See Hear: Deaf television past and present
In British Sign Language week See Hear's series producer, looks at the importance of television programmes made by deaf people in BSL.
To understand the long and complicated relationship deaf and hard-of-hearing people have with the moving image, we need to go all the way back to the first days of cinema.
As old-fashioned picture houses opened across the UK showing silent movies with simple "inter-title" text cards between the action, deaf people would organise outings to watch films wherever and whenever they wanted. Being entirely visual, with no spoken soundtrack, they were able to enjoy it in the same way hearing audiences did.
This golden age continued all the way into the late 1920s and early '30s. But in 1927 Al Jolson ushered in a new wave of feature films with sound and spoken dialogue. His film The Jazz Singer was the first of the "talkies", and from that point onwards, silent movies petered out and deaf people were effectively excluded from the cinema.
When TV was introduced in the UK with the first broadcast from Crystal Palace on 2 November 1936, there were no subtitles for deaf people. It wouldn't be until the 1980s that the first teletext subtitles were introduced. Television remained inaccessible for many decades.
Fast forward to the present day, and you could argue deaf people in the UK today have never had it so good when it comes to television. They have a level of parity with hearing audiences which rivals that of the old silent movie days.
The BBC offers full subtitling across all of its channels and online platforms, to a good overall standard. Most of the main terrestrial channels offer accessible signed and subtitled content too.
Deaf people feature in mainstream programmes and on mainstream channels. CBeebies has Magic Hands in which deaf presenters translate poetry into BSL. It's also produced by a part-hearing, part-deaf production company. That same company, Remark, also recently made My Life: Signing Off for CBBC, which shows what life is like for a hearing child brought up by a deaf family.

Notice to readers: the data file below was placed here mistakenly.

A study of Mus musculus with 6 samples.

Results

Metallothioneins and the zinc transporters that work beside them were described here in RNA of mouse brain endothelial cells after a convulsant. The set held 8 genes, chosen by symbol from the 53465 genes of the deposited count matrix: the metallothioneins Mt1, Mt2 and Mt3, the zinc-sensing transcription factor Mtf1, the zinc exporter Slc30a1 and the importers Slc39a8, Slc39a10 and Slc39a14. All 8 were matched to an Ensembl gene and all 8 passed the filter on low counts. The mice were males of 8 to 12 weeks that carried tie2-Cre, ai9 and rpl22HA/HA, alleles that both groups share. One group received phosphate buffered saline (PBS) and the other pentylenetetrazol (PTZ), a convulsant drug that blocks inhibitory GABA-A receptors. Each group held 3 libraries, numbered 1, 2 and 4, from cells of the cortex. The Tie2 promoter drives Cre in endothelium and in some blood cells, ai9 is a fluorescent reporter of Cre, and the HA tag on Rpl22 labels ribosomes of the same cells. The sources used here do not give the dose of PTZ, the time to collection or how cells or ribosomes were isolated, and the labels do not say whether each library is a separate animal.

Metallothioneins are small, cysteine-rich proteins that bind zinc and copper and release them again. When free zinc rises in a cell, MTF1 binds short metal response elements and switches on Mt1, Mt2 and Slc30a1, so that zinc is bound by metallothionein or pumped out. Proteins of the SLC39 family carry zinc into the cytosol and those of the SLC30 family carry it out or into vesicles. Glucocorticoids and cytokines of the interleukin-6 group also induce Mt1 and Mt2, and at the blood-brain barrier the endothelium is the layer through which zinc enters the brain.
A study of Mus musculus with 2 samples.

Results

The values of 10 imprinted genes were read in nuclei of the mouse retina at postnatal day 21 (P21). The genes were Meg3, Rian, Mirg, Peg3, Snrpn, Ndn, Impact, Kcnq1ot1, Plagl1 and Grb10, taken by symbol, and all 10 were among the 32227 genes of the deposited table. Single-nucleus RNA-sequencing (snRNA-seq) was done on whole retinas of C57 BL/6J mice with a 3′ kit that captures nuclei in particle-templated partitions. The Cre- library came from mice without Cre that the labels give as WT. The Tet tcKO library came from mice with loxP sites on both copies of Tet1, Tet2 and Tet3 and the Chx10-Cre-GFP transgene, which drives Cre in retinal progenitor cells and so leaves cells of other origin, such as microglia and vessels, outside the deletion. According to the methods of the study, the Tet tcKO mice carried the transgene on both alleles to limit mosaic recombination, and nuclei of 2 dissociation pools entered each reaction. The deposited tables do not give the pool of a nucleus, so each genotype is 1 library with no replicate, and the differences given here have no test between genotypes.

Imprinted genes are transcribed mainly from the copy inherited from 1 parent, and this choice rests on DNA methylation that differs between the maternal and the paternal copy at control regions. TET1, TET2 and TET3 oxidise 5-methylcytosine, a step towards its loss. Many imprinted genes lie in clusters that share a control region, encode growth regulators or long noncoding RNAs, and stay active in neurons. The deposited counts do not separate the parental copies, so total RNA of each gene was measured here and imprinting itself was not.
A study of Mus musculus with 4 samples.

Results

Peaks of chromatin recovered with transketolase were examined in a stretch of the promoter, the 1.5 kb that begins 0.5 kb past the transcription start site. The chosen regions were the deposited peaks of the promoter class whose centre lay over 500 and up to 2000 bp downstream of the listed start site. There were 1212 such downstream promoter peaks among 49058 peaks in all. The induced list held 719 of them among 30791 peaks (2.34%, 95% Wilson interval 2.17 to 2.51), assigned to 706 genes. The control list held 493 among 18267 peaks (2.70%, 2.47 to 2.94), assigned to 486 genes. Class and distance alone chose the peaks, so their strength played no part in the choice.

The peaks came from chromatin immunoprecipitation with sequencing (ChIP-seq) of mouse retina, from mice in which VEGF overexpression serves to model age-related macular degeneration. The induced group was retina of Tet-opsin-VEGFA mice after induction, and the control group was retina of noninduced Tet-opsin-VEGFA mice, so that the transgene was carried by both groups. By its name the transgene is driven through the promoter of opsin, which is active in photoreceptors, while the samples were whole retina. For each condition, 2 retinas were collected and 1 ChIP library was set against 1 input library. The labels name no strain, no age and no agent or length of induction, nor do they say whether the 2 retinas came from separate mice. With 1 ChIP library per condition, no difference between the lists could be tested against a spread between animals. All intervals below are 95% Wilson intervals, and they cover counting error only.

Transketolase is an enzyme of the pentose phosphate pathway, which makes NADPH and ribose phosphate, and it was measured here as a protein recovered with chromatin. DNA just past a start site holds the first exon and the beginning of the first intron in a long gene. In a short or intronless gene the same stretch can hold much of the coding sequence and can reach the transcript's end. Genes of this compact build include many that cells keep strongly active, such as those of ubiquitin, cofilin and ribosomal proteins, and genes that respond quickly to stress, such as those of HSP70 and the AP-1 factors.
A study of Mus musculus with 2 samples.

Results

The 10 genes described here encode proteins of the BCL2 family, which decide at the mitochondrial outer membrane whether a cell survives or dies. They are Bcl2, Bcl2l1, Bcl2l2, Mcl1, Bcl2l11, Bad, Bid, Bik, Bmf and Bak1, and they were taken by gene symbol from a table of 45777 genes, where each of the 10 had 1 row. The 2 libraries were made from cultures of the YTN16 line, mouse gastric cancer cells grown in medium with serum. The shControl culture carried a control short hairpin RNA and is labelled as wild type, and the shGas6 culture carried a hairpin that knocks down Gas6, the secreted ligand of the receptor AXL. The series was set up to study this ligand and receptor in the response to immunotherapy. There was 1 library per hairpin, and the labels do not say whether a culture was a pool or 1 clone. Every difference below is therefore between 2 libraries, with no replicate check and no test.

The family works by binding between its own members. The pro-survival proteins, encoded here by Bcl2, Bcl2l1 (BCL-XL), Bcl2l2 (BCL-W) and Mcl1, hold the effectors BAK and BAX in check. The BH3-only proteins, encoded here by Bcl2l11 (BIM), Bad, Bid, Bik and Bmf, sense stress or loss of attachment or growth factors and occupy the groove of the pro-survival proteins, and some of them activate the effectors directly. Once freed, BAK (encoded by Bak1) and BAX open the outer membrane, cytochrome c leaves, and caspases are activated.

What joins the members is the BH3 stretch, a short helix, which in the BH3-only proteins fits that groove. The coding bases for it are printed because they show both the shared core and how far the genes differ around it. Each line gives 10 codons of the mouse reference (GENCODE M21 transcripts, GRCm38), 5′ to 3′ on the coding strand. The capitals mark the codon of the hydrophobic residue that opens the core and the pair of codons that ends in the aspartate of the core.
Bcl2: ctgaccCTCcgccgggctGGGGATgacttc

So, with all this good access and programming in the mainstream, why is there still a need for deaf television made by deaf people for deaf audiences? Many deaf people will tell you that it's necessary in order to reflect and document our language, community and culture.
Independent deaf television director Ramon Woolfe argues that there are already TV channels which transmit exclusively in Gaelic and Welsh language. BSL is also recognised as a language in its own right in Britain so, he says, there should be a BSL television channel.
"I'm British, I pay for it, so I should be given my own channel," he says. "Every week my children can't access the television, leaving me having to translate into BSL what they're watching on the screen. They can't read the subtitles because the English is far too advanced for them."
There isn't a BSL channel but there are individual programmes. There is See Hear on the BBC for 32 weeks of the year, and the British Sign Language Broadcasting Trust (BSLBT) which makes about a dozen half hours per year which can be seen on the Community Channel, Film4 and the BSL Zone website.
But deaf television isn't only for a hardcore audience of deaf signers. It's also for deaf people for whom BSL isn't a first language, and for hearing people with a personal and professional interest in the deaf language and community. With signers front and centre rather than an inset box, it gives deaf people visibility on the small screen, showing sign language as it should always be seen - in fluid motion.
Deaf television records milestones in deaf history, highlights the issues we face and above all, shines a light where other mainstream programmes very rarely venture. That's why it still matters.
You can find out more in our short history of deaf television on See Hear, airing on Wednesday 19 March at 10:30 GMT on BBC Two. See a preview here. Find out more about British Sign Language Week, which runs from 17-23 March here.